With a typical Energy claim standing at approximately USD 4.5 million, it’s no surprise that Business Interruption (BI) is once again the #1 business risk for the fourth year in a row[i].
To help insurers mitigate their exposure when an interruption occurs, power generation and petrochemical companies frequently retain a portion of the loss themselves in the event of a fire, explosion, machinery breakdown, power interruption or other disaster.
Because of this, the type of deductible is a critical factor when determining the recoverable versus the gross BI loss. Additional factors related to the deductible can also impact how the loss is calculated. Some of these include the policy wording and how it relates to the deductible, the circumstances surrounding the outage period and whether or not Increased Cost of Working (ICW) was incurred.
For example, a deductible involving a fixed monetary amount is easier to apply and gives certainty to both the insurer and insured. However, when daily values run in excess of USD 500,000 per day, a 60-day waiting period (i.e. first number of days) deductible is easier to sell than the monetary deductible of USD 30 million or more, even though they may amount to the same thing.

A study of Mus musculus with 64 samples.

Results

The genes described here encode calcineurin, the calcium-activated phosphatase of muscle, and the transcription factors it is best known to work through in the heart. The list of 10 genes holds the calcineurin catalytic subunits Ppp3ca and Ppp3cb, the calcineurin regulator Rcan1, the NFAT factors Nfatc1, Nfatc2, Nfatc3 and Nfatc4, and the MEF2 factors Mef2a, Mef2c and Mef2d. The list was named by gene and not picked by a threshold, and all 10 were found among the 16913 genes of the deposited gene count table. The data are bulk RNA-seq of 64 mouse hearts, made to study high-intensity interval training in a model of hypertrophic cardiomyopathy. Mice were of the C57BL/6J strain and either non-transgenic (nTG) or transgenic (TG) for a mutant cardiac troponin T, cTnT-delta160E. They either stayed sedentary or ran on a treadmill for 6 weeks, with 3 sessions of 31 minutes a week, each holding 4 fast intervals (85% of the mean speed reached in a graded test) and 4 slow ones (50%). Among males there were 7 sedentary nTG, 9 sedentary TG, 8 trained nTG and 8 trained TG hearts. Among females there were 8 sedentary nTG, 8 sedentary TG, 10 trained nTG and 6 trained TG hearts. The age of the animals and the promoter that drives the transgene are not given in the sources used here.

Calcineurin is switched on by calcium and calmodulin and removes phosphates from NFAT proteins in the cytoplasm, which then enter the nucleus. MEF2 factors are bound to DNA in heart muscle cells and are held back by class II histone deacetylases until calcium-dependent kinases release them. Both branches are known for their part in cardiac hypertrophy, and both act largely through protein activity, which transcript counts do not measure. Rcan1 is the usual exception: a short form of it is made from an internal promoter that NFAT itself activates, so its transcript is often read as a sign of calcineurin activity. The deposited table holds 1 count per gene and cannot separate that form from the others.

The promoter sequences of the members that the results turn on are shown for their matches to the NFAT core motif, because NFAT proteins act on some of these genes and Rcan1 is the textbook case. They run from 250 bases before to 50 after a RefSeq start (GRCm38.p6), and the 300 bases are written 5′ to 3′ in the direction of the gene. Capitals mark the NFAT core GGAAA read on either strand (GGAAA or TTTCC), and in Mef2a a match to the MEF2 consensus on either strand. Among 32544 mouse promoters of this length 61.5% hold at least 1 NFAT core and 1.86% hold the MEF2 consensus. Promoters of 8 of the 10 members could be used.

Likewise, average daily value (ADV) deductibles can create their own quantification issues, especially in partial loss situations, when a plant is running at an increased cost for an extended period or in a deferred repair shutdown scenario, which can create a “dilution” of the ADV calculation.
ADV deductibles can be more equitable than a waiting period in certain circumstances. One such example would be a power generation claim that occurs toward the end of the summer. Because capacity payments are more heavily weighted to the summer period, the insured’s retention could otherwise have been much higher than the insurer’s liability under the policy.
It’s also not uncommon for policy wordings to be amended or updated with ambiguous terms and phrases as a means of anticipating potential loss scenarios. However, these changes often lead to further questions such as:
- Does the policy’s use of the word “affected” mean “financially affected” or “physically damaged”?
- Does the policy consider contractual forced outage allowances which the insured can use to negate financial loss during its self-retained waiting period while leaving nothing for the insurers?
- If the policy states “60 days” as the deductible, does it refer to a waiting period or an ADV?
- What happens if the interruption is shortened as a result of ICW being incurred? Should the ADV deductible increase?
- How do you deal with ICW incurred during a waiting period?
Because the financial difference between various interpretations can vary greatly, it’s important for underwriters and claims handlers to work with professionals who can alert them to potential issues and pitfalls.
Published in the Onshore Energy Conference Magazine in May 2016.